Wells Kitchen: Good Food for Good Folks!
Started in 1971 by Louise Vandergrift, the Vandergrift family has been at the helm of Wells Kitchen for most of the time since. Other folks ran the restaurant for a brief time before 1999, but for the last 18 years, it has been family owned and operated.
“Our family has always had our own businesses, so when Mom, Vannice Crocker, asked if we wanted to run the restaurant, we said ‘Sure’ and started a different adventure,” said Sarah Crocker, granddaughter of Louise Vandergrift. Other family members include Vannice Crocker, Emily Schmitz, Sara Crocker, and Jennie McConnell. “But all of our employees are like family—some of them have been with us for over seven years,” Sarah explained. “We use family recipes and fix our food like we want to eat it—like our grandmother Vandergrift used to fix it. She was an amazing cook and even published her own cookbook.”
When asked what makes their food so good, Sarah responded, “Besides our grandmother’s recipes, we make our food, season it, and cook it the old fashioned way, here on our stove.”
Wells Kitchen meat comes from Fastimes. “Our Great Grandfather started a store in 1907. They closed it in 2007, but we all still use his recipes for the meat—sausage, ribeyes, pork chops...the only meat we don’t use from Fastimes is the chicken, and we go through over 1000 pieces in a slow week with no catering,” Crocker added.
Best sellers at the restaurant include fried chicken, pork chops, fried green beans, okra, and of course, the fried corn on the cob—battered, deep fried, and juicy enough that you NEED a napkin ready.
A relatively new and really successful dessert option is their fried pies—they offer eight different flavors with Apple, Peach, and Coconut topping the list. “But my favorite is Peanut Butter,” Sarah smiled as she added that note.
Each guest’s table is greeted with a small cast iron skillet filled with rolls and fried cornbread, bright white chairs, checkered tablecloths, sweet tea, and fried chicken…what’s more Southern than that? “People call in just to get our fried cornbread—ten cents each—and we get orders for 25-50 pieces,” Crocker added.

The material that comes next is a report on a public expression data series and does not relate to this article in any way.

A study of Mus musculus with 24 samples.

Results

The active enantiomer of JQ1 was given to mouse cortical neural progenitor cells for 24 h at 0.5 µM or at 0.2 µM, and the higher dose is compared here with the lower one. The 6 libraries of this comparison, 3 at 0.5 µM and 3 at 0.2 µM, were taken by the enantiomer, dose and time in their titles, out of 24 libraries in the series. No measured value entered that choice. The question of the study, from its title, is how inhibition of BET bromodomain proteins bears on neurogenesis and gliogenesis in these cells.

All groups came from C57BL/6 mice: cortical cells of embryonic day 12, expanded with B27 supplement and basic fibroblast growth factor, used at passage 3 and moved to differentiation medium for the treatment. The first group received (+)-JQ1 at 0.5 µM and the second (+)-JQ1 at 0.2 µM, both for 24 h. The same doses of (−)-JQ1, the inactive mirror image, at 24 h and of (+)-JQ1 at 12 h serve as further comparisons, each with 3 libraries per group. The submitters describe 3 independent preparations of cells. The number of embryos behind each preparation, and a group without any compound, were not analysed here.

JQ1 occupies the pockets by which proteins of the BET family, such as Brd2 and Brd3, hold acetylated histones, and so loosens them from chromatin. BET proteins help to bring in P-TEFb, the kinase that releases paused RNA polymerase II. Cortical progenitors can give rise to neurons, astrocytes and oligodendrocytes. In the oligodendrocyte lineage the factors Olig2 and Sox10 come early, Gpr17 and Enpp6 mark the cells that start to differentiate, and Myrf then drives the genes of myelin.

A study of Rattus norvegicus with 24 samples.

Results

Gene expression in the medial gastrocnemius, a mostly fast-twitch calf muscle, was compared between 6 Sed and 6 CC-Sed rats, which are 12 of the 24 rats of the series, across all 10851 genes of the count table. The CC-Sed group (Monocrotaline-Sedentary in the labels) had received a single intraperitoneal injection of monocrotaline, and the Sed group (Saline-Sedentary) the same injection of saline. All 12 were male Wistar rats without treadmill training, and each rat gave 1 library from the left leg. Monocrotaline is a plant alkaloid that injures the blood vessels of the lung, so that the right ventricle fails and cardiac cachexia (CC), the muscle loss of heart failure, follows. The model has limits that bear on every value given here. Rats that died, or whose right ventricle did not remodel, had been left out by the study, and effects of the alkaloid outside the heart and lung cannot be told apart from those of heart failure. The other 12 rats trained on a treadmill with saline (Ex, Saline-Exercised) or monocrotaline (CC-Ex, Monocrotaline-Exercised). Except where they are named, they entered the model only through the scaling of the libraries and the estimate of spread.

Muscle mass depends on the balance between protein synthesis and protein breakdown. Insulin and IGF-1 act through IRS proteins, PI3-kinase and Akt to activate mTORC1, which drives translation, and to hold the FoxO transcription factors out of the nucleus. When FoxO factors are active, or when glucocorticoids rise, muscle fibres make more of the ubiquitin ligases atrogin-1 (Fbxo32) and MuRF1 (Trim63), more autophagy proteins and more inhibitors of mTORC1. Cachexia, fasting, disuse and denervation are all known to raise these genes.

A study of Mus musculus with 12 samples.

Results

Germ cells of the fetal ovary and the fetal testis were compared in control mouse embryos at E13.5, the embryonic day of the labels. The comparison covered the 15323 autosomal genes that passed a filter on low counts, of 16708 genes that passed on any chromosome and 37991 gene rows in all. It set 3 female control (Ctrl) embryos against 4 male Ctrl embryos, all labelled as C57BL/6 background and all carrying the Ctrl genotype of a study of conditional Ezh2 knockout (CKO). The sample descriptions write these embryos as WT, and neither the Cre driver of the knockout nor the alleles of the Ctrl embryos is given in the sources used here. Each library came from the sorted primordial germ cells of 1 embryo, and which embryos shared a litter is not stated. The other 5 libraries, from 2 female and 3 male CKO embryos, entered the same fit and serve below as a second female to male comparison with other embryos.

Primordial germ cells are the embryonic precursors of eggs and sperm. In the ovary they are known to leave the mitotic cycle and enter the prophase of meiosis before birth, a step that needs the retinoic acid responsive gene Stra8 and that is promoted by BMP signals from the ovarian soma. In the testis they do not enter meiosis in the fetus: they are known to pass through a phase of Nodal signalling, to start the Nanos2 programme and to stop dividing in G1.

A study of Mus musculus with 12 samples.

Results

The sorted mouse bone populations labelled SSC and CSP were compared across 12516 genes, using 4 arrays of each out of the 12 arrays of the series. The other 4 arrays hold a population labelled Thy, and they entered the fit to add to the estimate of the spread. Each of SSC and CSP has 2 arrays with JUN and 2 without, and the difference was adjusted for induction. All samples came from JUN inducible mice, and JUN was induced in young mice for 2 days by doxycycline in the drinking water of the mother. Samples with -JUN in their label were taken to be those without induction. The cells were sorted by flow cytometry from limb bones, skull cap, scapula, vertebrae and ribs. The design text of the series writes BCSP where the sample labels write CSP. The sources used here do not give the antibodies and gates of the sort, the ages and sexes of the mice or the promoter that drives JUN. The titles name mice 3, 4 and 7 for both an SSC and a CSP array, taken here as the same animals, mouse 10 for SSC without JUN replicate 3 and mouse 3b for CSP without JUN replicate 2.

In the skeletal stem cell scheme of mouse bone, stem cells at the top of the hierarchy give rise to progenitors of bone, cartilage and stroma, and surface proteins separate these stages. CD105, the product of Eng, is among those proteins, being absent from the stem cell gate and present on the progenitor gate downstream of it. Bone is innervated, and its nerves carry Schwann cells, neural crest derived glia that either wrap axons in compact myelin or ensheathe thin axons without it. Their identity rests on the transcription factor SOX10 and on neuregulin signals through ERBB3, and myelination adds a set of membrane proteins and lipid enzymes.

It’s not just the cornbread people order; Wells does catering as well. “It’s a whole ‘nother operation. We do any size, weddings, Dr.’s offices, people on jury duty, breakfast for the school, even a bus driver’s breakfast once a year,” Vannice explained. “Sometimes it’s catering on the spot, sometimes we have advance notice.” It doesn’t matter to them — they handle it all in stride with a happy face and top-notch food.
Wells' customer base is also a lot like family. Some of them have even become kind of like grandparents. “I love our customers. This place is hard work but when you cook for people you love—that have become like family—it makes it worth it.” Sarah smiled as she said, “I want to add every new customer we see to our family—keep them coming back and keep our customer ‘family’ growing.”
The family hopes to keep this family philosophy going by passing the business on to the next generation someday. “We are trying to instill the work ethic we were taught into our kids and employees,” Crocker explained. As for Vannice, she trusts that whoever owns it next will do a great job. “Once you learn to make my salmon—I’m good to go and can leave it to you,” Vannice laughed. To this, Sarah jokingly responded, “We can’t make it yet, Mamma.”
Wells is open for lunch and dinner on Monday through Saturday. The only Sunday they are open is Mother’s Day.
Look for them on Facebook or give them a call at (901) 476-5750 and check often for your favorite daily special. And remember—“Eat your Veggies!”